I think I remember reading that the writing style is very stilted, despite the content?If you haven’t already, I would highly recommend Gibbons’ “Decline and Fall of the Roman Empire” which outlines in excruciating but captivating detail exactly how “great” civilizations inevitably change and weaken.
It’s a 2000 year study and provides amazing insight as to the drivers of change . It’s often thought as one of the great examples that merges history with literature.
DiCaprio??I know someone who read The Great Gatsby recently. They said they enjoyed the flavor and depth of the actual source material..but could not stop picturing Leonardo Decaprio's face throughout the story.
"non obsolete"? 'Obsolete', surely?View attachment 121022
Another gem from the American Renaissance. It's crazy to think I could say much about something so marvelous in a short forum post.
I will start by by saying that this book was not what I expected. Of course that is how it is with good literature. Especially the "famous" books, that eveyone has heard of, but few have actually explored for themselves.
It may be that I have read part way through a few classic books in high school. But I did not begin to really enjoy the stories until I discovered them for myself as an adult. With nobody looking over my shoulder telling me how I should be interpreting the work.
The epiphanies contained here are unlocked when you read by yourself, and with your whole heart. Someone told me that's also the secret to reading Plato.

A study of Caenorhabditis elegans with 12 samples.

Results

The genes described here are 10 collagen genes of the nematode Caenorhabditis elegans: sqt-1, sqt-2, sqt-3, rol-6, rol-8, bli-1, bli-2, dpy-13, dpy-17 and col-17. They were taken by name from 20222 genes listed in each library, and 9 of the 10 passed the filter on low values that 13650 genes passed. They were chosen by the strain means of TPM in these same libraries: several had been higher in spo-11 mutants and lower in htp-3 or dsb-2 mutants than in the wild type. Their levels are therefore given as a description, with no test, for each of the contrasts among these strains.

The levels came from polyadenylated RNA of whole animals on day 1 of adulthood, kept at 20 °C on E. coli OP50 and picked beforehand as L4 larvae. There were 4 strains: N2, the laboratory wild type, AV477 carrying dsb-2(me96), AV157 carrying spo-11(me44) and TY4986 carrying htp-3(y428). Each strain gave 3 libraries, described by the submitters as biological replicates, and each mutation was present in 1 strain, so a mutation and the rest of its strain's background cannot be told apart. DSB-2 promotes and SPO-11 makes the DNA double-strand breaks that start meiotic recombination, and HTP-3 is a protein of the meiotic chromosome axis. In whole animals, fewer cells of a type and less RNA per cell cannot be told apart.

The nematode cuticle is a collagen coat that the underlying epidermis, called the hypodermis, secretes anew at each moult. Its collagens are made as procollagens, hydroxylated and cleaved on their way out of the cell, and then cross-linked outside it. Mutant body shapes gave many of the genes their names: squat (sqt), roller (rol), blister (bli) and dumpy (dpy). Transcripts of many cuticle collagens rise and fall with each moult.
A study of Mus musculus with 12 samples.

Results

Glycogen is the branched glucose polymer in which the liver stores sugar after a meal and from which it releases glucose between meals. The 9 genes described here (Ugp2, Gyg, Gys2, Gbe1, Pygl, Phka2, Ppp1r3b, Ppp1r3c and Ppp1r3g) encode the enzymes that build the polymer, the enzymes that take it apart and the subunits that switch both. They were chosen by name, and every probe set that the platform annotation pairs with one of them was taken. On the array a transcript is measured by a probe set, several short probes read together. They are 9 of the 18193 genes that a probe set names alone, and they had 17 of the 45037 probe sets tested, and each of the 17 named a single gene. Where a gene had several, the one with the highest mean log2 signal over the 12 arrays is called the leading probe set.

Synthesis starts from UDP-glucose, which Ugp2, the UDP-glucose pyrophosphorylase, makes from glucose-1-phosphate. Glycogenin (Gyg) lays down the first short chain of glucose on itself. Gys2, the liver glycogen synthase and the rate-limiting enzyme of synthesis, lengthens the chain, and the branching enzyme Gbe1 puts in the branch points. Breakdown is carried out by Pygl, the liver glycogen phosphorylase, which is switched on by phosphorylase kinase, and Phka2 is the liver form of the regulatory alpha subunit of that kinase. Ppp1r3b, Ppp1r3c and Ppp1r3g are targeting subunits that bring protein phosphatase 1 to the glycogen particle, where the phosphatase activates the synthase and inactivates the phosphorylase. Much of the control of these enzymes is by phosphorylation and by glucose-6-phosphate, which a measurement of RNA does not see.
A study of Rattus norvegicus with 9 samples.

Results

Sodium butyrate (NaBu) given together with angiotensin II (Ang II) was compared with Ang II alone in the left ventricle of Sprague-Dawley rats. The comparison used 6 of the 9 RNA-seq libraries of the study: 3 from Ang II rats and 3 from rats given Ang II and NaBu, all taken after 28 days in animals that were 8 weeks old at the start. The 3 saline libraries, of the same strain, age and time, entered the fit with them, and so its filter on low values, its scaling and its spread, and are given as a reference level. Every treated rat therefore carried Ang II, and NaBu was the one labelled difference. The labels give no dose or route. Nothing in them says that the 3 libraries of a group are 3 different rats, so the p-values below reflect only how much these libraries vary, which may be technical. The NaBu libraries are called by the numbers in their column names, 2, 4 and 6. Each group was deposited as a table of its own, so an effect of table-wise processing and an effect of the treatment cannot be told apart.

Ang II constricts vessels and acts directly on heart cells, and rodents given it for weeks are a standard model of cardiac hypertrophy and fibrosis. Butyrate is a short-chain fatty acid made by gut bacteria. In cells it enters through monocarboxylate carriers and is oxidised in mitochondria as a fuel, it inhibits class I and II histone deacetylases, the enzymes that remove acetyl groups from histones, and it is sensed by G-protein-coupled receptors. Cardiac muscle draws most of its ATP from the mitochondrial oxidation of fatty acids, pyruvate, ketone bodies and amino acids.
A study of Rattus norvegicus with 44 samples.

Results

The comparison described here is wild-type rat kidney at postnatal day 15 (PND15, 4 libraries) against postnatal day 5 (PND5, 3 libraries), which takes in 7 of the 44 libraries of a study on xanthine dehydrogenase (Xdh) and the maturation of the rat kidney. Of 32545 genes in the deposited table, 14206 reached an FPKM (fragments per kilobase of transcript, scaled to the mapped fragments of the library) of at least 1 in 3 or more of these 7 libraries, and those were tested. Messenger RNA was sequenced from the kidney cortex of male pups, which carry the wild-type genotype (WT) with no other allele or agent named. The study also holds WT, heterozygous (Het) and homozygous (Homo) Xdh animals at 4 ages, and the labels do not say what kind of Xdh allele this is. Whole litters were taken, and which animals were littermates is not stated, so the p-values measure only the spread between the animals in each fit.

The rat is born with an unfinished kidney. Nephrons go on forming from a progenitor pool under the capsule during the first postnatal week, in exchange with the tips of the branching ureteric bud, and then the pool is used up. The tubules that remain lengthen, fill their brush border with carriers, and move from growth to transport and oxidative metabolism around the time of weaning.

Anyway Moby Dick is a romp. Most of the book reads like slipping in and out of a philosophical daydream. A daydream wrapped in a grey, misty sailing narrative. And all the while with its tongue squarely in its cheek.
Again I sing the praises of a good audiobook reader. I might not have known how laugh-out-loud-funny this story was except for the pinched, ironic tone that Librivox reader Stewart Wills applied for the entire reading. This book is dark and wet and grey but it's the funniest and most refreshing...like a playful troll upon the tropes and mysteries of philosophy and religion.
But to many of us, the real genius of Moby Dick is the writing style. There is a wild, almost bizarre freedom to Melville's prose in this book. I can say truthfully that this one book changed the way I think about communicating in english. Melville was one of those authors who figured out a way to say things very vividly, while using unusual, almost goofy word combinations.
Sort of a Mark Twain vibe, but maybe "cooler", not quite as hammy.
I could go on and on. But I'll just say to anyone who wants to take a real trip, and doesn't mind if there's no electricity on the voyage, and doesn't mind getting wet..there might be an epiphany or two, or three in these pages. Some laughs for sure.
*Normal caveat for taking on literature from mid-20th and prior: Be patient while building up your vocabulary in preparation to read these old books. One thing that keeps people away is the realization of how many non-obsolete English words your average modern American simply doesn't know. I had to fill a notebook with dozens of 'archaic' words I had never heard, just to get into anything from the 19th century.
Again...so worth it.
I think I remember reading that the writing style is very stilted, despite the content?
Yes, twelve German aerial kills flying P-38s and P-51s. He got four in Viet Nam, possibly five, but if he did, he hid the fifth kill, because it would have rotated him home, and he didn't want that. Robin was possibly the greatest fighter pilot this country ever produced.Didn't realise he was WW2 - knew he was a Phantom pilot.